April 26th, 2018
Most of the planet’s clouds are hidden by a layer of haze surrounding the bluish world. NASA’s Voyager 2, the only spacecraft to visit Uranus, was not capable of detecting the makeup of its clouds, leaving researchers to debate whether they are composed of hydrogen sulfide or ammonia.
Using the Near-Infrared Integral Field Spectrometer (NIFS) on the 26.25-foot (eight-meter) Gemini North telescope on the Hawaiian island of Mauna Kea, Orton and his team identified the hydrogen sulfide by using spectroscopy to study infrared light emitted by the planet.
Cloud tops on Jupiter and Saturn are composed of ammonia with no hydrogen sulfide. Neptune’s cloud tops probably have a composition similar to that of Uranus. The different atmospheric compositions likely stem from differences in the planets’ formation and evolution processes.
“We’ve strongly suspected that hydrogen sulfide gas was influencing the millimeter and radio spectrum of Uranus for some time, but we were unable to attribute the absorption needed to identify it positively,” Orton said in a news release. “Now, that part of the puzzle is falling into place as well.”
NIFS analyzed reflected sunlight just above Uranus’s main layer of clouds.
“While the lines we were trying to detect were just barely there, we were able to detect them unambiguously thanks to the sensitivity of NIFS on Gemini, combined with the exquisite conditions on Mauna Kea,” said researcher Patrick Irwin of the University of Oxford and lead author of a paper on the findings published in the journal Nature Astronomy.
Differences in the atmospheric compositions of gas giants Jupiter and Saturn and ice giants Uranus and Neptune are likely due to the locations and temperatures where the planets originally formed, said Leigh Fletcher of the University of Leicester. When clouds form through condensation, they trap the gas that formed them in their interiors, where telescopes cannot detect it, she said.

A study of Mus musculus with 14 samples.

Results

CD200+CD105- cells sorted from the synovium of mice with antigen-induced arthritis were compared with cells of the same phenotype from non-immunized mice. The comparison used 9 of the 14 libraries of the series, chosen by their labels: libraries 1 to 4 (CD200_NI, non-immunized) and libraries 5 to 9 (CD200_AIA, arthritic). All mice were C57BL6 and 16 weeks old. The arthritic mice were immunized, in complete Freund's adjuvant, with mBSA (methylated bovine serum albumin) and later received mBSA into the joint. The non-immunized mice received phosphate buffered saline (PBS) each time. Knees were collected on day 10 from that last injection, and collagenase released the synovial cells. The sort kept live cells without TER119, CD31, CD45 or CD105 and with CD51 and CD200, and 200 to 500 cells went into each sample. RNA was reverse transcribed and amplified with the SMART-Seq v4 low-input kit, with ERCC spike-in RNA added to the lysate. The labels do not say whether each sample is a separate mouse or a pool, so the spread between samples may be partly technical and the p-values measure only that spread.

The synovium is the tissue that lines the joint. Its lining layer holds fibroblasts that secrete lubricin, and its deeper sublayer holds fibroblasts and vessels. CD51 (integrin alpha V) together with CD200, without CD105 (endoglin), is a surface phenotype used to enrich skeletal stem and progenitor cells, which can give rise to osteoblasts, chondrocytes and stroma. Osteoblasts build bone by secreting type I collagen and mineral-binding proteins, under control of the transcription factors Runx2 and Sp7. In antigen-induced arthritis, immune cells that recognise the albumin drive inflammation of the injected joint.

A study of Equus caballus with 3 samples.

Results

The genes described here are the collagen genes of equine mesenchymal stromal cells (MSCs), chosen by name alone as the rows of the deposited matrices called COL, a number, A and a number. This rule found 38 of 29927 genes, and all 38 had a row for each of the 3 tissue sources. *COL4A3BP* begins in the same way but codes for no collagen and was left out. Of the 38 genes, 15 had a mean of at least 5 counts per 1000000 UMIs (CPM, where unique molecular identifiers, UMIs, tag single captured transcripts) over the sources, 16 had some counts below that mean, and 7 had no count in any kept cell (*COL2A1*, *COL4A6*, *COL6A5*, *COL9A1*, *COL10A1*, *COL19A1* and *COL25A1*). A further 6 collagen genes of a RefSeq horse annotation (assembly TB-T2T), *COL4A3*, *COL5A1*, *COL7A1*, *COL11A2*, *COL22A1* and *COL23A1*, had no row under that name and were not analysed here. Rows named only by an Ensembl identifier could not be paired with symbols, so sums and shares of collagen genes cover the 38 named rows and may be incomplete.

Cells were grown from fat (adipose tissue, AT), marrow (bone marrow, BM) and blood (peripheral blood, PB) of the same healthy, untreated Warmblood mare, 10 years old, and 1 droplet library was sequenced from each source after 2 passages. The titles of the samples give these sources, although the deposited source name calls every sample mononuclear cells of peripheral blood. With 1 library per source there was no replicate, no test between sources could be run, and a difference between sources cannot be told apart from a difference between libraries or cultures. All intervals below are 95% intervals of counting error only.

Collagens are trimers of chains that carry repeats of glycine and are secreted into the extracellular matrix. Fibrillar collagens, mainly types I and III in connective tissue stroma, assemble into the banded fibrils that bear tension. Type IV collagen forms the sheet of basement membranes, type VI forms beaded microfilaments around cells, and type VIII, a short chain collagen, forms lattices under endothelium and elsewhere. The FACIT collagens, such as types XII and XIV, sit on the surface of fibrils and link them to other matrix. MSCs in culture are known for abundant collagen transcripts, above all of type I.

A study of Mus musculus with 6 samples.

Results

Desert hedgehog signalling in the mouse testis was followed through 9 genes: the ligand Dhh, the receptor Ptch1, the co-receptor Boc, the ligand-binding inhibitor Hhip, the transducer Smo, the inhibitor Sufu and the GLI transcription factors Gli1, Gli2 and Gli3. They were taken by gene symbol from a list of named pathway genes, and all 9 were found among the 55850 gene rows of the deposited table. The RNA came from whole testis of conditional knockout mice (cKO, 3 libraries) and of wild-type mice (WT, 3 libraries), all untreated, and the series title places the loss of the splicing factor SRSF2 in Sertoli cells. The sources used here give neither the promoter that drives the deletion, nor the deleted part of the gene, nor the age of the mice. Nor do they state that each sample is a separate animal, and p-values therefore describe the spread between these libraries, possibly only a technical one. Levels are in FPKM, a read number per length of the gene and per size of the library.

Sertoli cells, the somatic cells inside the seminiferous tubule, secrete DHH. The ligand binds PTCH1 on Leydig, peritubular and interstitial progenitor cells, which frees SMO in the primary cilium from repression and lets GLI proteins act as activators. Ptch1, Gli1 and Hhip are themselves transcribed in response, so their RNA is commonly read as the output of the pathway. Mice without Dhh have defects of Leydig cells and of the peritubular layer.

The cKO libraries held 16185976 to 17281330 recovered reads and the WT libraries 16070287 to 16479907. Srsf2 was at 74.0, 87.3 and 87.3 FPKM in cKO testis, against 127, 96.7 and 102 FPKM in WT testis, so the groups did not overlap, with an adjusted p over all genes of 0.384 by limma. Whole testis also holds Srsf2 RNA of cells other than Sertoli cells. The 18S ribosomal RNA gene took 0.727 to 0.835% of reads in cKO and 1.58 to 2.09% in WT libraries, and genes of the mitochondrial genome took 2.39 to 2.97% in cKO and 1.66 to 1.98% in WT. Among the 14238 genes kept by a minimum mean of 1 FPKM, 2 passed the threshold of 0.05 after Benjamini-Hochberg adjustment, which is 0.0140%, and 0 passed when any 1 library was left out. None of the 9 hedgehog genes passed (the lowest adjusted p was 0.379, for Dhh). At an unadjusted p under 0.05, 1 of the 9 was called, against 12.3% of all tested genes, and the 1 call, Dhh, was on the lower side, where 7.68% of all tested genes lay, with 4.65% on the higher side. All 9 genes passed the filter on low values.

“Only a tiny amount remains above the clouds as a saturated vapor,” Fletcher said. “And this is why it is so challenging to capture the signatures of ammonia and hydrogen sulfide above cloud decks of Uranus. The superior capabilities of Gemini finally gave us that lucky break.”
Even though the level of hydrogen sulfide in Uranus’s atmosphere is low, the compound’s effect on humans exposed to it would be very unpleasant. The planet’s atmospheric temperature of minus 328 degrees Fahrenheit (minus 200 degrees Celsius) and its atmospheric composition of hydrogen, helium, and methane would freeze and suffocate any humans exposed to them.
Laurel Kornfeld is an amateur astronomer and freelance writer from Highland Park, NJ, who enjoys writing about astronomy and planetary science. She studied journalism at Douglass College, Rutgers University, and earned a Graduate Certificate of Science from Swinburne University’s Astronomy Online program. Her writings have been published online in The Atlantic, Astronomy magazine’s guest blog section, the UK Space Conference, the 2009 IAU General Assembly newspaper, The Space Reporter, and newsletters of various astronomy clubs. She is a member of the Cranford, NJ-based Amateur Astronomers, Inc. Especially interested in the outer solar system, Laurel gave a brief presentation at the 2008 Great Planet Debate held at the Johns Hopkins University Applied Physics Lab in Laurel, MD.